Conservatives mull changes to citizenship rules for babies born on Canadian soil

It's one of the oldest immigration tricks in the book: get pregnant, fly to another country, have your baby, and voila - you've got immigrant ties to said country.

It even happens in Canada.

According to the Toronto Sun, Ottawa has discovered a number of unscrupulous immigration consultants in Hong Kong, who are coaching wealthy Chinese mainlanders about how to keep their pregnancies hidden while entering Canada on student or visitor visas.

"Avoid any baby or maternity items in luggage, wear dark clothing going through customs to look slimmer, and arrive in Canada no later than in the seventh month of pregnancy are among the tips given," notes the article.

Once here, the women go into hiding until they are due to give birth and then go to a hospital to deliver the baby. And, because all babies born in Canada are considered citizens, they could return later in life as a student, for example, and sponsor their parents under family reunification.

Immigration minister Jason Kenney admits his department isn't sure how widespread the problem is but is considering citizenship law changes to prevent so-called anchor babies from automatically becoming citizens.

"We don't want people to get the idea that citizenship is a way to get a passport of convenience, that Canada is a country to be exploited," he told the Sun.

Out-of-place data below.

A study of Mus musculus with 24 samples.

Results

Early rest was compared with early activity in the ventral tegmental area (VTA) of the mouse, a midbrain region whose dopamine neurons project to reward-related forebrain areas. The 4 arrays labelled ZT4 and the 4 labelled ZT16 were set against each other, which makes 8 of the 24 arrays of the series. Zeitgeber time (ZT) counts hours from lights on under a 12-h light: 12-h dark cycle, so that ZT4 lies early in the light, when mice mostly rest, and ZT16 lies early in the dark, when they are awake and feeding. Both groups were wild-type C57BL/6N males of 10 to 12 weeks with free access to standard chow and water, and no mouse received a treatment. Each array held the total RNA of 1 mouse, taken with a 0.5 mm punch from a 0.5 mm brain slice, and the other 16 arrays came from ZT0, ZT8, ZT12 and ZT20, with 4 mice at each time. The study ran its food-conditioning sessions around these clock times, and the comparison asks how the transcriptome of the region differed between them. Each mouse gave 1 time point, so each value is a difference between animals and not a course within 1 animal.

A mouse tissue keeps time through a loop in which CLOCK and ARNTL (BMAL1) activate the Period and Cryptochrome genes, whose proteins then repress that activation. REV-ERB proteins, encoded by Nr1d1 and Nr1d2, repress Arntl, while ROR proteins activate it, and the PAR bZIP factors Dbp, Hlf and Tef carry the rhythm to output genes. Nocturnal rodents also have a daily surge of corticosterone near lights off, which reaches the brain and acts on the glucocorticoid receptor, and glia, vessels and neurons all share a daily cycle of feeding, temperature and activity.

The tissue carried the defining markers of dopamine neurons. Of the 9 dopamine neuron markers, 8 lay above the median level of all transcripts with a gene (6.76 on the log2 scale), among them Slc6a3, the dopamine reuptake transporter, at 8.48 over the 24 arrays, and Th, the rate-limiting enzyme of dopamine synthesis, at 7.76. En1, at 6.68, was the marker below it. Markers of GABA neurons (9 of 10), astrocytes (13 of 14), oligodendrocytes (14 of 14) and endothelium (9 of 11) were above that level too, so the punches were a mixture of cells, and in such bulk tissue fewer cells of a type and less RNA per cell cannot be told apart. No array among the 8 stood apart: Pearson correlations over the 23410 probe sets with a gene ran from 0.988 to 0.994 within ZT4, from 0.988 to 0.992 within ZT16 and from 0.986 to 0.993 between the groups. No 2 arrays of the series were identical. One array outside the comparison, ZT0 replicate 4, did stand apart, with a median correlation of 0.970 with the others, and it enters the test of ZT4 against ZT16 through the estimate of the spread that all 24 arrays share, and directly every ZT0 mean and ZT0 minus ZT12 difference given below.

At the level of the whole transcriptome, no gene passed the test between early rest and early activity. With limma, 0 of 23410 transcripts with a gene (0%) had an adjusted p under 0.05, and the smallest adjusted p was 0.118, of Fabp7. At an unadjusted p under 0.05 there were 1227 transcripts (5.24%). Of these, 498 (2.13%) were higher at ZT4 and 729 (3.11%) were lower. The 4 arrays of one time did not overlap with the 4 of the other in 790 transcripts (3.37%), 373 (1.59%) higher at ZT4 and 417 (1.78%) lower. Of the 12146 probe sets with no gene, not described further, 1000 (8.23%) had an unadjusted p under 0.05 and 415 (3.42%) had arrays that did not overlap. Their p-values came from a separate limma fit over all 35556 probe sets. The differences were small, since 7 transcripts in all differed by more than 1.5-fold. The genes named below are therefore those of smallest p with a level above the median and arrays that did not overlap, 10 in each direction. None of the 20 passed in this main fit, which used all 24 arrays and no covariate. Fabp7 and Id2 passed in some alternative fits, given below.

Toronto based immigration attorney Michael Niren says he doesn't think anchor babies are a "growing problem" and that changing the citizenship rules would be like "throwing the baby out with the bath water."

"Kenney is on a mission to clean up the immigration system from Refugee cases to Citizenship claims. Yes there are many broken aspects of our immigration system but I think he is going way to far here," Niren told Yahoo! Canada News.

"The solution is not to terminate this method for citizenship all together. Free societies like Canada have always granted citizenship to those born on their soil. This, in my view, should be a right not a privilege.

"[Instead of changing the law,] I think more careful screening of applicants to Canada should be conducted. In some cases, medicals are required which would reveal pregnancies. Sometimes the government gets ahead of itself and forgets that we are still a democracy."